Dave Orrick / St. Paul Pioneer Press
ST. PAUL—Minnesota Gov. Mark Dayton lately is all about an "emergency" funding plan for public schools running deficits. He's on a bully-pulpit kick, urging Republican lawmakers to change course late in the legislative session and spend $138 million to shore up school budgets to reduce the likelihood of teacher layoffs or larger class sizes. He wants the GOP-controlled Legislature to authorize the money instead of planned tax breaks. So far, he's getting nowhere. But he's not stopping.
ST. PAUL — A bipartisan sexual harassment proposal that could affect every workplace in Minnesota now faces an uncertain future at the Capitol. The bill would remove a legal hurdle that supporters say has led to courts throwing out cases, even when they involve piggish behavior that many would consider sexual harassment.
ST. PAUL—Right now, it's not illegal in Minnesota for police officers to have sex with people in their custody. That might be about to change. On Tuesday, May 1, the state House overwhelmingly approved a sweeping public safety bill that includes a provision that would close what some have called a sexual assault loophole, and the Senate has also approved closing the loophole.
ST. PAUL—U.S. Rep. Jason Lewis on Wednesday, May 2, joined a group of mostly Republican state lawmakers in St. Paul taking aim at the Metropolitan Council, a non-elected regional body that oversees hundreds of millions in spending across the metro.
ST. PAUL — A simple but significant sexual harassment proposal that could affect every workplace in Minnesota moved ahead at the Capitol on Thursday night, April 27, but not everyone is happy about it. A number of employment attorneys and some small business advocates fear the proposal, which allows for a lower legal bar to sue an employer for sexual harassment, could lead to a flood of lawsuits and leave judges without direction.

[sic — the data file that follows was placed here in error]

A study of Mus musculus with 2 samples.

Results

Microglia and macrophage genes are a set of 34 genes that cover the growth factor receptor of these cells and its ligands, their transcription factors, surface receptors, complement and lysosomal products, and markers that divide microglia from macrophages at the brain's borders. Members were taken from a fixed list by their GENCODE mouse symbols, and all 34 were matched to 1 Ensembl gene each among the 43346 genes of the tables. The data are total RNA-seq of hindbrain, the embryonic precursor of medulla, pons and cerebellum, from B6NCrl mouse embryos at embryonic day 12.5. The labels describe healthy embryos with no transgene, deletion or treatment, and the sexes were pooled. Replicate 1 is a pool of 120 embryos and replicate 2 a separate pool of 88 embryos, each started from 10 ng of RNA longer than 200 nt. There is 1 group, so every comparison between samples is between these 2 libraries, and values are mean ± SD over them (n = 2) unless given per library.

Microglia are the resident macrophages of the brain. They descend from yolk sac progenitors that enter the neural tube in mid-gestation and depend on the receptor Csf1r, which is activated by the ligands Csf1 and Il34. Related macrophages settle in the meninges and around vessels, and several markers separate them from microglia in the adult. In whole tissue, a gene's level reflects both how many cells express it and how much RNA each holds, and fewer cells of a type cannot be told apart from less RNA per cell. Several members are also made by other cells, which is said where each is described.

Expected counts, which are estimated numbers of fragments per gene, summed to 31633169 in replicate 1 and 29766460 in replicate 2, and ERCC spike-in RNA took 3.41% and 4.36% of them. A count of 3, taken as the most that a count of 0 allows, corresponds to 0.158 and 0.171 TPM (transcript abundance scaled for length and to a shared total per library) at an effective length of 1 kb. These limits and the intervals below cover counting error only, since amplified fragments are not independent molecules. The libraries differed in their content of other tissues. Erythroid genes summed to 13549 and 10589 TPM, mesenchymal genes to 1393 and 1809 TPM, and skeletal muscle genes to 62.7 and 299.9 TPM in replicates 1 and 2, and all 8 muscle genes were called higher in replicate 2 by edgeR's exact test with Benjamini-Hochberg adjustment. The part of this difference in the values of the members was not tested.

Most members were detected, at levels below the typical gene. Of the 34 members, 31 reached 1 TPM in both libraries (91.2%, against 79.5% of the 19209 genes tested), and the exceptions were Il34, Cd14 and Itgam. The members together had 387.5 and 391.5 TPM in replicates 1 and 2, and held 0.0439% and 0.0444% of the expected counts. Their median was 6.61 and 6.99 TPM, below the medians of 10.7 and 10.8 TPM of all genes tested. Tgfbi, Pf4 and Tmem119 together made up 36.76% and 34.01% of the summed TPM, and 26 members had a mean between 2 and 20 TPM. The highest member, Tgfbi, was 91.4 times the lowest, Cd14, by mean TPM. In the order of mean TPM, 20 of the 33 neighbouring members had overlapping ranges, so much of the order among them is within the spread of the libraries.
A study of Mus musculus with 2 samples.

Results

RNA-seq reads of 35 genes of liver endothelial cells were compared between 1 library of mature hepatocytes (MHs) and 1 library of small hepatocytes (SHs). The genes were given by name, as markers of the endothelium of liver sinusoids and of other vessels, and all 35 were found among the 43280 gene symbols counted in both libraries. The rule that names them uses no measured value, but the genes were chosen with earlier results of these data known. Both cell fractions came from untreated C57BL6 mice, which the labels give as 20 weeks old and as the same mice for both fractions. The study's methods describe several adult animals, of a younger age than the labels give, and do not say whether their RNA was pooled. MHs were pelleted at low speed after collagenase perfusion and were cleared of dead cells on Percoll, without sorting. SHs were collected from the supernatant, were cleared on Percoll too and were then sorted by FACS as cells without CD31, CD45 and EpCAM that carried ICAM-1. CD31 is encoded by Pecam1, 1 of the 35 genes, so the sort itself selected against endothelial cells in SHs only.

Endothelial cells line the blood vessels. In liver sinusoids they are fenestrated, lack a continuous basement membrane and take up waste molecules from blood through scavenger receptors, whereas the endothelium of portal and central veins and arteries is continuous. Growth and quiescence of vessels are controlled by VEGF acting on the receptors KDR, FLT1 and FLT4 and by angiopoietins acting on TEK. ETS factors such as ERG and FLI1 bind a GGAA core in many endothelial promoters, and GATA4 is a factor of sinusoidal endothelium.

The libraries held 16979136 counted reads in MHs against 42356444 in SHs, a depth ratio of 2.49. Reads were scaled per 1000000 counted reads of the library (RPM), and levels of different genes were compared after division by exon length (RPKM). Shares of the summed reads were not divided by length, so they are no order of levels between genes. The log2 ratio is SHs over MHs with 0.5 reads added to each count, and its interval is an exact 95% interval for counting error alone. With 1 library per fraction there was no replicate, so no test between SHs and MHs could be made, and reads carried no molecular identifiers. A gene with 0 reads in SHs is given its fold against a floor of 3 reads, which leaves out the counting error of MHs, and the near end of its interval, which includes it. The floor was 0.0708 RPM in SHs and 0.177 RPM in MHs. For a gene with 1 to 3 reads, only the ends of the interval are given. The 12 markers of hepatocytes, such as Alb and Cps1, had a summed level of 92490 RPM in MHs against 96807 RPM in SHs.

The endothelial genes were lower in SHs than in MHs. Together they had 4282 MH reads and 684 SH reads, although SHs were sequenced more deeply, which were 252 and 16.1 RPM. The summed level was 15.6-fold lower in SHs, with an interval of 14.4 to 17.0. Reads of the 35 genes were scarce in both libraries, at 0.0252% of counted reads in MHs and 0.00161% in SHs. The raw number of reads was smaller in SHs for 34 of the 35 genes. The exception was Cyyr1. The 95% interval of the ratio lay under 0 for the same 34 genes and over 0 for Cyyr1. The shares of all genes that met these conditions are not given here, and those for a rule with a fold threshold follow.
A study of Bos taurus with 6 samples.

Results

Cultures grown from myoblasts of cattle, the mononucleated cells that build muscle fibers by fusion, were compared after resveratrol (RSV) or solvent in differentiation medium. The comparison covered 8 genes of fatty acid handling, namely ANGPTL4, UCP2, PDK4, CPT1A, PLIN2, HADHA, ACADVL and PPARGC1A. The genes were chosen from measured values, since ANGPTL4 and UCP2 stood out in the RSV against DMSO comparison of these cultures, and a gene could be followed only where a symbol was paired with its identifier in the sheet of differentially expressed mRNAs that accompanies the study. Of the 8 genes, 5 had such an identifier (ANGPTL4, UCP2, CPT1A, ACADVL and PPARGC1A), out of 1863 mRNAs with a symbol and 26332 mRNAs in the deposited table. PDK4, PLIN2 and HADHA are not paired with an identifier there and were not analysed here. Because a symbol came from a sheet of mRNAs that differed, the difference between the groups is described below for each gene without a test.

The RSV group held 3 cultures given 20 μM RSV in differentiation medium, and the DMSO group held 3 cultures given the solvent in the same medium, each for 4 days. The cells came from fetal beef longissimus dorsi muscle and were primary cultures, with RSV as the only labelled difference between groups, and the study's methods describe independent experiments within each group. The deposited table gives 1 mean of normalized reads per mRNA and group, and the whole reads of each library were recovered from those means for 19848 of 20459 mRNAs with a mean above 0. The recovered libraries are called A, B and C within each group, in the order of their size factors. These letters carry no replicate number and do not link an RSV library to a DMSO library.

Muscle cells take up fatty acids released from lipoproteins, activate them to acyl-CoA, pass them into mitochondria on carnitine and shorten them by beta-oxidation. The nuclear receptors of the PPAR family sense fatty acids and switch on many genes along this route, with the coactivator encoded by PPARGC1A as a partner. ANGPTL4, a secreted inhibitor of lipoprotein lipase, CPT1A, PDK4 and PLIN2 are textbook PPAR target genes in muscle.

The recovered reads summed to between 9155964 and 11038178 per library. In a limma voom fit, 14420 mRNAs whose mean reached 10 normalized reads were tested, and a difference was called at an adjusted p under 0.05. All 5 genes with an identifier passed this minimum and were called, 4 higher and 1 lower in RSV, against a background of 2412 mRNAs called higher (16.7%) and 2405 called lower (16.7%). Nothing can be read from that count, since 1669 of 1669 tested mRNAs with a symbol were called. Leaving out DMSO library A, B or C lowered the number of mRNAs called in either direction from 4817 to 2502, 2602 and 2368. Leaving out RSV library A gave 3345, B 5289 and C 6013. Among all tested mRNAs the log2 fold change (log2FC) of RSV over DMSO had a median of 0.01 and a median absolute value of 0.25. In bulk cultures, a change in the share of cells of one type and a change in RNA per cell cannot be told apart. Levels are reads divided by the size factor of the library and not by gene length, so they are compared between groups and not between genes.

ST. PAUL—Lobbyists, interns, members of the media and the general public would all be protected from sexual harassment under a proposal poised to be adopted for the Minnesota House Wednesday. In addition, the behavior of House members and employees would not end when they leave the Capitol; the policy would cover them "during any activity that involves legislative business."
ST. PAUL—U.S. Rep. and Democratic candidate for governor Tim Walz released his 2017 personal income tax returns Thursday, April 19, using the occasion to urge Republican candidates, former Gov. Tim Pawlenty and Hennepin County Commissioner Jeff Johnson, to do the same.
ST. PAUL—Three million times each day, hackers probe the state of Minnesota's computer systems, which house everything from state workers' social security numbers to driver's license data for millions of residents. And the state isn't doing enough to guard against it, top IT officials said Friday, April 13, as they called for more funds. "We're actually falling behind," said Aaron Call, Minnesota's chief information security officer.
ST. PAUL—Amid the continuing fallout from Minnesota's troubled new computer system for vehicle titles and license plates, lawmakers this week grappled with several sticky issues. • License centers are hurting — and they say they need a lot more money than lawmakers are proposing. • Information technology officials are under fire for a $2.5 million office reorganization while they were pleading for money to fix the system.
ST. PAUL—More than eight months after it was launched, Minnesota's troubled computer system for vehicle titles and license plates continues to overwhelm the state's customer service center. Most callers get a busy signal, and most emails take days — or weeks — for a response. The volume — hundreds of thousands of calls each month — is staggering. Officials are scrambling to hire more than two dozen temporary workers as a stopgap.